Ben Selwyn from ACA Research shared his findings on what Fleet Managers think about electric vehicles with Caroline Falls.
FAN: What is the buzz among regulators and industry about EVs?
Ben: The conversation around EVs has shifted significantly over the last six months, driven by an increasing global focus on reducing emissions. Countries such as China, India and England have all set targets around electric vehicle sales, leading manufacturers to ramp up their plans for new EV models, as well as EV variants of existing models. While Australia is still lagging from a regulatory perspective, the increasing number of EVs on general sale will lead to increased numbers becoming available in the local market.
Looking beyond OEMs to the broader automotive industry, Australian manufacturers who were already dealing with the end of local manufacturing are looking at their supply chain investments in the context of the increasing demands of EV manufacturing (e.g. battery technology)
FAN: How viable are they in Australia?
Ben: The main factor currently limiting viability in Australia is access to charging infrastructure. While charging stations are being installed in major cities, and along some highways, they are still limited in number. Recent infrastructure investments by the Queensland government and Blacktown Council are positive steps, but broader government support is likely to be needed to fully overcome this challenge.
Another angle to this is that while manufacturers such as Tesla include the installation of a charging point in the vehicle purchase, there are unresolved questions about how this works in practice for apartment dwellers or those in terrace houses with no driveway. From a regulatory perspective, finding a workable model for on-road charging points, or introducing a requirement for new strata builds to include EV charging points could help ensure segments of the population are not disqualified from ownership through a lack of access.
FAN: What are the impediments to a more meaningful rollout?
Ben: Beyond accessibility, the main other factor limiting demand for EVs in Australia is cost. According to a report from Climateworks and the Electric Vehicle Council of Australia, 13 of the 16 EVs currently on offer in Australia are priced over $60,000. With VFACTS data showing that the bulk of passenger vehicles sales sit under that threshold (and in many cases under $40,000), cost remains a significant barrier to both consideration and purchase. New, cheaper models coming into market will address this to an extent, but a more significant factor at a global level will be falling manufacturing costs, as the underlying technologies (particularly batteries) continue to evolve.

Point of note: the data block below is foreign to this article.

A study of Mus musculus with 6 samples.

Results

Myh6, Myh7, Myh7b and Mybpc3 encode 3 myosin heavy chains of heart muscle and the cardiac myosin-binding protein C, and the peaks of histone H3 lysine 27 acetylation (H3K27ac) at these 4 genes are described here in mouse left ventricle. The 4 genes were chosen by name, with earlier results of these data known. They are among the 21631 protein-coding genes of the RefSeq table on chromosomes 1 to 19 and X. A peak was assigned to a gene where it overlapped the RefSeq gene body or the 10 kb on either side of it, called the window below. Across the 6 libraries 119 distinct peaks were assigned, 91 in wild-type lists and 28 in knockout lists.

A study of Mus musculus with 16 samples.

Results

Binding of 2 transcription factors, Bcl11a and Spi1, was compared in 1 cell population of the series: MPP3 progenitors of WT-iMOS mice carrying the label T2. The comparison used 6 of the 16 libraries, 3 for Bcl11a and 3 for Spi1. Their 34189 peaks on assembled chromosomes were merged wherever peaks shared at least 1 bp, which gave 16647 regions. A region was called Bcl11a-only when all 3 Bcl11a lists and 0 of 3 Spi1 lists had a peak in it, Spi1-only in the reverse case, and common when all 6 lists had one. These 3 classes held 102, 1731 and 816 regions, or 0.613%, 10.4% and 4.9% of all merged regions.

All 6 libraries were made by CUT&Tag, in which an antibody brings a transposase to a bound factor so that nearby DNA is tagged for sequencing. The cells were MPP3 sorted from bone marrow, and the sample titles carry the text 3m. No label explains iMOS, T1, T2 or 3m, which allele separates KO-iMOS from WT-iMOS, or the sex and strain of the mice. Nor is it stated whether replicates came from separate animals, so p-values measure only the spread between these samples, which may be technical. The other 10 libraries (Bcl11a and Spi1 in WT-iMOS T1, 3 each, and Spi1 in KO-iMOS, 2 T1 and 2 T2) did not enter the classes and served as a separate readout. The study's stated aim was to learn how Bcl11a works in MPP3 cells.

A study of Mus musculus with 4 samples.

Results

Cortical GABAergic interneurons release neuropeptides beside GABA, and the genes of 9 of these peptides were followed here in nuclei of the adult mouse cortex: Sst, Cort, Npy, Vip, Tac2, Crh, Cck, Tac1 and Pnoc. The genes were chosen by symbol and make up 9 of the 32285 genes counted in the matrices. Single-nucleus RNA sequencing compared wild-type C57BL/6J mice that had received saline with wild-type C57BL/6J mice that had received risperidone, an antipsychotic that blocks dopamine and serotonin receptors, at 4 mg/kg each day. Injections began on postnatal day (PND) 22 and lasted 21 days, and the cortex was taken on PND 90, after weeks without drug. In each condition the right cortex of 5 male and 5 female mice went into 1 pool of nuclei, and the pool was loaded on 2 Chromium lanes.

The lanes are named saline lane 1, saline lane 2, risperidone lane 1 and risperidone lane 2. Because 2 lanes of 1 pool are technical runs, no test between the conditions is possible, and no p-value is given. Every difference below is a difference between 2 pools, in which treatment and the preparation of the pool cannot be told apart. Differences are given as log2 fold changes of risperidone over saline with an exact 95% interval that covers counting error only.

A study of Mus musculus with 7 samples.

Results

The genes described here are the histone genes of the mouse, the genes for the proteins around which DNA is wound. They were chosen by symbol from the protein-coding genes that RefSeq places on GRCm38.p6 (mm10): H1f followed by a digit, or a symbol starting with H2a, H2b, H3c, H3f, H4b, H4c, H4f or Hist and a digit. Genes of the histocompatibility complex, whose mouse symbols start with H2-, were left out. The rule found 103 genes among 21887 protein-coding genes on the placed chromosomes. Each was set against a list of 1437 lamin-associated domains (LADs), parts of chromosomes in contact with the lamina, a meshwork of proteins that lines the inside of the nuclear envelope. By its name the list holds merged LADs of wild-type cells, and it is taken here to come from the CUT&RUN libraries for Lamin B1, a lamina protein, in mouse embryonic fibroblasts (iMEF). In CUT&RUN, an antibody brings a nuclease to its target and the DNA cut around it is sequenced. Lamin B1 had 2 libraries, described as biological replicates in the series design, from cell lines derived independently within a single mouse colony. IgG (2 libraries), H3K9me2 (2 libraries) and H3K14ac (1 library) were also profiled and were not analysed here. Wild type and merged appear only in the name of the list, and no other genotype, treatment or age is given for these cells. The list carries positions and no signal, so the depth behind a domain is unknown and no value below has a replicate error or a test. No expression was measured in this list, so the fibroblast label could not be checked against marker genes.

FAN: What role do EVs play in 2030?
Ben: How this future plays out will depend heavily on the calls by the leading OEMs. Volvo’s announcement to stop making ICE powered vehicles by 2019 is significant. If the leading manufacturers take a similar stance by 2030, it is likely that Australian dealerships will only be able to supply electric and hybrid vehicles.
From a consumer perspective, electric vehicles are likely to become more common, but will potentially struggle to gain significant share in the market without some form of government intervention or support. We recently visited the Tesla dealership in central Sydney and their sales rep said range anxiety was the main concern raised by prospective customers. In this context, the news that Shell is introducing electric chargers to its service stations in the UK and Netherlands may help to alleviate these concerns if rolled out to Australia, and other fuel companies follow suit.
FAN: What would you like to see happen as quickly as possible to advance that position?
Ben: In June this year, we attended an auto analyst briefing with Renault Nissan Alliance chairman Carlos Ghosn, where he said that “It’s very difficult to make an EV an attractive car without government subsidy, and people will say, ‘how can you support EVs if they’re going to depend on subsidies?’ But we need them, not for an infinite period of time, but just to jump start the sales, and when you get the scale you need then you can be on your own.” This reflects comments from other OEMs such as Mercedes, who feel that some form of government incentive or subsidy will be key to drive sales volumes, at least initially.